A Biden administration official has been charged with a felony on allegations of stealing a woman's suitcase from the Minneapolis-St. Paul International Airport.
Sam Brinton, a deputy assistant secretary of the Office of Spent Fuel and Waste Disposition at the Department of Energy's Office of Nuclear Energy, has a Dec. 19 hearing scheduled in Hennepin County District Court on a charge of theft.
Brinton, 35, of Rockville, Md., was reached by telephone Tuesday afternoon and declined to comment about the case. Their attorney has yet to return messages to the Star Tribune.
An announcement on Twitter said Brinton assumed the job in the Biden administration on June 19. The post includes leading the mission to help the government locate sites to store radioactive waste from the nation's nuclear power plants.
An Energy Department spokesperson said Tuesday that Brinton is on leave as the case progresses.
According to the criminal complaint:
On Sept. 16, airport police were alerted about a suitcase missing from the baggage claim area. The owner said she and her son arrived in the Twin Cities from New Orleans late that afternoon.
Brinton arrived from Washington, D.C., on a different flight around the same time and did not have a checked bag.
Police reviewed video surveillance and saw Brinton remove the luggage from the carousel and put the bag's tag in their hand bag before leaving "at a quick pace," the complaint read.
The owner of the suitcase looked at an image of the suitcase pulled from the video and confirmed it was hers. She told police what was in the luggage, and "the total estimated value of the contents and the bag came to $2,325," the complaint continued.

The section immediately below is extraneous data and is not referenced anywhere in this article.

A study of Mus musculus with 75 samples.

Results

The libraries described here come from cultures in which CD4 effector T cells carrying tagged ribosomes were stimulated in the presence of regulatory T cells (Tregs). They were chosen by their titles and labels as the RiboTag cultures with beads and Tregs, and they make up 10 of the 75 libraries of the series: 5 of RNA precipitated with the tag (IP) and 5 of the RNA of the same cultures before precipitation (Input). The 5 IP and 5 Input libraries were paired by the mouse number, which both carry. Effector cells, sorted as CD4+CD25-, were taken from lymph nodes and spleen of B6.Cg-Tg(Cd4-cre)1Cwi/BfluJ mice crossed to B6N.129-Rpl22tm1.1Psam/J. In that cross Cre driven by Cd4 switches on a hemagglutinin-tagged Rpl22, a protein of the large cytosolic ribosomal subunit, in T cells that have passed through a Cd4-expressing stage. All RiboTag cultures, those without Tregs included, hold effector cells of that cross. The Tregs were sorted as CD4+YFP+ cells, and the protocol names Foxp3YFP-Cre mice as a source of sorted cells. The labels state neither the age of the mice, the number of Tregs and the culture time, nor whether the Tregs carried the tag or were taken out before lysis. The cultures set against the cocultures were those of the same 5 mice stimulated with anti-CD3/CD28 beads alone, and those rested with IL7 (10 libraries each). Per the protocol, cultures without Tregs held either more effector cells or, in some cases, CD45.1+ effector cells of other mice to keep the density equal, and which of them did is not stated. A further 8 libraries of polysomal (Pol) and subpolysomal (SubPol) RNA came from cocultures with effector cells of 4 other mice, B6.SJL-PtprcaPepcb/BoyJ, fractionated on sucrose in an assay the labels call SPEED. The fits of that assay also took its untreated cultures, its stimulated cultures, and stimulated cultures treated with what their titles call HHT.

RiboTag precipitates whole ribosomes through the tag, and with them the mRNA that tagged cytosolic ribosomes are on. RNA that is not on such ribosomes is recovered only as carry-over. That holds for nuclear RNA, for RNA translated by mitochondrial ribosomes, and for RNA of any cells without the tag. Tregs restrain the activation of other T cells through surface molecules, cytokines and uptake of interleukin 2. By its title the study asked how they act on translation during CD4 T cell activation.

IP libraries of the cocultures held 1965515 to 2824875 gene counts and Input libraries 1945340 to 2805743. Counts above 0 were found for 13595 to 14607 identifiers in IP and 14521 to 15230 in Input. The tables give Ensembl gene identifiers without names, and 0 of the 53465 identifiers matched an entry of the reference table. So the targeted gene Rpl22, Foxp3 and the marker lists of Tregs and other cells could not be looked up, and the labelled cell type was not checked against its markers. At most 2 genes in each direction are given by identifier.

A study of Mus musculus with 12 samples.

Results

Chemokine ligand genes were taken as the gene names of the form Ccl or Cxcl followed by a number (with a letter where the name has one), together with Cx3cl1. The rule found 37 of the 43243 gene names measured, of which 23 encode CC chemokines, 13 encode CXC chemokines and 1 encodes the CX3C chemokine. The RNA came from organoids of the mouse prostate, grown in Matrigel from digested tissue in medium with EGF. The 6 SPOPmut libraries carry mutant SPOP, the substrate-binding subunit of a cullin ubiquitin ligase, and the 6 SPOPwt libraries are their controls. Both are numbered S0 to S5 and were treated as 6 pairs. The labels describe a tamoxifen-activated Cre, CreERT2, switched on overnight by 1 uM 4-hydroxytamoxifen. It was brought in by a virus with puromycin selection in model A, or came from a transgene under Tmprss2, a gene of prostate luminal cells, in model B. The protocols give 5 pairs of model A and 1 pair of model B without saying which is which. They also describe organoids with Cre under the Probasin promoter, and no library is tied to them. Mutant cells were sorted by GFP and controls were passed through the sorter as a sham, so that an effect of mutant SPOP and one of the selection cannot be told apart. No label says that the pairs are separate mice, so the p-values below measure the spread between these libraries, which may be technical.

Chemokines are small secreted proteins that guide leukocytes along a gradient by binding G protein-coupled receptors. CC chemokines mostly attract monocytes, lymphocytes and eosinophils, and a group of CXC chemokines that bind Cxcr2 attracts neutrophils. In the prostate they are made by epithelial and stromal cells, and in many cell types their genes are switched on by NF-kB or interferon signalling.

Brinton checked into a downtown St. Paul hotel later that day and had the woman's luggage. On Sept. 18, they checked the stolen luggage on a flight back to Washington, D.C. Brinton used the luggage again on Oct. 9 for a trip to Europe, according to video surveillance from Washington Dulles Airport in northern Virginia.
An MSP police officer called Brinton on the same day of the flight from Europe and asked about the theft. They at first denied knowing anything about it, then acknowledged taking the suitcase but denied that clothes for another person were inside.
"If I had taken the wrong bag, I am happy to return it," the complaint quoted Brinton as saying, "but I don't have any clothes for another individual. That was my clothes when I opened the bag."
Brinton called the officer back and apologized for not being honest and recalled being tired and thinking the luggage was theirs. Brinton recounted opening the suitcase at the St. Paul hotel and getting nervous about being thought of as a thief. The clothes were left in the hotel dresser, they said.